Stone, Sand & Gravel: Gravel Facts
As you travel through Ontario you've likely passed an operating quarry or gravel pit without even knowing it; there may even be one in your community. Some people think that pits and quarries are unnecessary. But stone, sand and gravel are vital to our daily lives. Explore this website and uncover the facts. Contrary to what you may have heard, the aggregate industry sources aggregate in the most responsible way possible, protecting water and wildlife. And we're the only industry that can return land to nature, agriculture or recreational uses.
Protecting People and the Environment
The aggregate industry is one of the cleanest, and most highly regulated industries in Ontario, to ensure the protection of people and the natural environment. The 25 pieces of legislation that protect the environment and future resources include regulations set out by the Ontario Ministry of the Environment and Climate Change, Ontario Endangered Species Act, the Greenbelt, Oakridges Moraine and Niagara Escarpment Plans as well as the Aggregate Resources Act.
Often, producers will go beyond what is required by law to protect wildlife - such as creating buffer zones near sensitive natural resource areas, working closely with local conservation authorities on environmental management projects, and sponsoring environmental research and protection efforts.
No chemicals are involved in the extraction or processing of aggregate materials. The topsoil, and other organic mateiral removed from the rock surface before mining begins is not sent to a landfill or used for other landfill purposes, it is stored on-site and used in the rehabilitation of the pit or quarry site.
Water Use in Pits and Quarries
Aggregate operators are primarily water managers, and not water consumers.
To understand how water is managed, it helps to understand that pits and quarries come in three major categories, and each uses water a bit differently.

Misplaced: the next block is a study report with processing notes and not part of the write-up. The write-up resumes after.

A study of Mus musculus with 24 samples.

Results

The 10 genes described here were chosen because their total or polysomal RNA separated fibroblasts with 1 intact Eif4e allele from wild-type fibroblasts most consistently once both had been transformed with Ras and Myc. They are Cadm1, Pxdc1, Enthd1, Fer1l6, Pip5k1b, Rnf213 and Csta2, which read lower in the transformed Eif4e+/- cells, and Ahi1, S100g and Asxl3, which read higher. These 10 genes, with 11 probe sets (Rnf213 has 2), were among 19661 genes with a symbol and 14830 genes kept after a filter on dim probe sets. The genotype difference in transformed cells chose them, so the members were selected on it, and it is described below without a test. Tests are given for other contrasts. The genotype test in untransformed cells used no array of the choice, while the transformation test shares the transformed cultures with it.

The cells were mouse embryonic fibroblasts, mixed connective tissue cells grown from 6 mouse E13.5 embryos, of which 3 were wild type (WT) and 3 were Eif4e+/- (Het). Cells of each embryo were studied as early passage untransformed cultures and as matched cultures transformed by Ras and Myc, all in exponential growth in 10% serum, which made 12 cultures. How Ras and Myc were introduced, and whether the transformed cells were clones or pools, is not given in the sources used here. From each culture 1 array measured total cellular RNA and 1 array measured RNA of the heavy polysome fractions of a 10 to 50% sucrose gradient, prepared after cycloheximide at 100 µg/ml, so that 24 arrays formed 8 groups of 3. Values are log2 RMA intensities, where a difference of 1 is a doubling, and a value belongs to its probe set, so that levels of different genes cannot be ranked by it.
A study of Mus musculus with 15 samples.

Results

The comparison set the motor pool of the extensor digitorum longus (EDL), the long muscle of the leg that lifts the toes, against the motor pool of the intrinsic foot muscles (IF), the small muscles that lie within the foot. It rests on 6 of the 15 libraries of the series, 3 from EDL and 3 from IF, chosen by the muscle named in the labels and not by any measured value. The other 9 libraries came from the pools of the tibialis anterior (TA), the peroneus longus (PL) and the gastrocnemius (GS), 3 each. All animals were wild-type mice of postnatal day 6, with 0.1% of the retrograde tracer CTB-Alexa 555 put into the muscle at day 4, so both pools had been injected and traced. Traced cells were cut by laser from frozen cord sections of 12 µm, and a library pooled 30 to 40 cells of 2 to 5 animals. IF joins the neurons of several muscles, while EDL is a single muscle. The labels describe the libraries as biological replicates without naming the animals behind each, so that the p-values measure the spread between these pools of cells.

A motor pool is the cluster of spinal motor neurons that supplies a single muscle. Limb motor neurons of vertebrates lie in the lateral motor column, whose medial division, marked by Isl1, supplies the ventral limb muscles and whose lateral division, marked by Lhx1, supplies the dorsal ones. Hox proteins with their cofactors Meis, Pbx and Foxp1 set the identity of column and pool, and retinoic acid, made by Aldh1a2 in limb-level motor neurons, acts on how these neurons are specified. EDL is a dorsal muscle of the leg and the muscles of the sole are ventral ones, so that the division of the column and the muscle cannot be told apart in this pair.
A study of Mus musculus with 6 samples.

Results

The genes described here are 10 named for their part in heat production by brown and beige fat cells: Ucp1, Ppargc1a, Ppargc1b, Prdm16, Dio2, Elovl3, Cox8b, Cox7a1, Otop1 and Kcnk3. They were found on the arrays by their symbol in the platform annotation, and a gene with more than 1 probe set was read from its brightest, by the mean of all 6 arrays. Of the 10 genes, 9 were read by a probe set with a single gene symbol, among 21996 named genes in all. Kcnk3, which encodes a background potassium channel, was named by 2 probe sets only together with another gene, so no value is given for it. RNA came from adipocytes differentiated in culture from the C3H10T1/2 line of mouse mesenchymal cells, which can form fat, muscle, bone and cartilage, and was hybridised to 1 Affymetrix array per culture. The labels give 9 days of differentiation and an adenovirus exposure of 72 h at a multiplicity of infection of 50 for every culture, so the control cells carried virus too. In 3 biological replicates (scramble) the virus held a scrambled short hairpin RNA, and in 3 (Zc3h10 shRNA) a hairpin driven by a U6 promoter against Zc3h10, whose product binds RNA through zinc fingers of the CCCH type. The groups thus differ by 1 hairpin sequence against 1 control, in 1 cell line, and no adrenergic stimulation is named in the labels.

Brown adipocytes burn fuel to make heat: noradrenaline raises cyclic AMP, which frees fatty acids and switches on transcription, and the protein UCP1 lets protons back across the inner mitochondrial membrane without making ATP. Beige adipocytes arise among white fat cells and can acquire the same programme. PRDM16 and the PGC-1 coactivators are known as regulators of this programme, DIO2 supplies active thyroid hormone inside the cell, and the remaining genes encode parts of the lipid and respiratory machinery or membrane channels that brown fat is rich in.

The first category, representing the majority of sites, is where sand, gravel and rocks are extracted from above the water table, so the operations do not reach far down enough to have any impact on the water table. With these operations, water is used to wash fine particles from the extracted gravel or stone, and then the water is recycled in a closed-loop system and used over and over again. Very little water is lost.
The second category of sites is where sand and gravel is dredged from below the water table. In these types of operations the water stays where it is, only the sand and gravel is removed. Years of monitoring these operations have shown no impact to the water table.
The third kind of operation is a rock quarry. In this case, the water may have to be pumped out of the quarry so that blasting and digging can be done safely. However, water is not consumed in the operation, but discharged onto the surrounding surface where it filters back into the ground or is sent to nearby rivers or lakes.
Quarries that operate below the water table are required by law to mitigate impacts to nearby sensitive features such as wells, streams and wetlands. Once extraction is complete, these sites become lakes or new important wetlands.
What happens to former pits and quarries?
Progressive and final rehabilitation (turning former aggregate sites into new uses) is a legal requirement for producers of aggregate. What that means is that once the material from an active area of a site has been removed, producers must rehabilitate the site in accordance with the site plans that they submitted to receive their aggregate licence. And likewise, when the final section of the site has been extracted, the producer is required to complete any rehabilitation that remains.
OSSGA members frequently go above and beyond the requirements in their site plans and actively work with community partners to create exceptional new land uses for their former sites. Between 2010 and 2014, researchers from OSSGA visited and assessed the condition of a total of 701 pits and quarries across southern and eastern Ontario that were licensed, rehabilitated, and surrendered under the Aggregate Resources Act (1990) or the Pits and Quarries Control Act (1971). What did they find? The most common land uses for rehabilitated aggregate sites are:
- Natural (25%)
- Agriculture (21%)
- Open Space (15%)
- Water (10%)
For examples of outstanding rehabilitation, visit our Bronze Plaque award winners!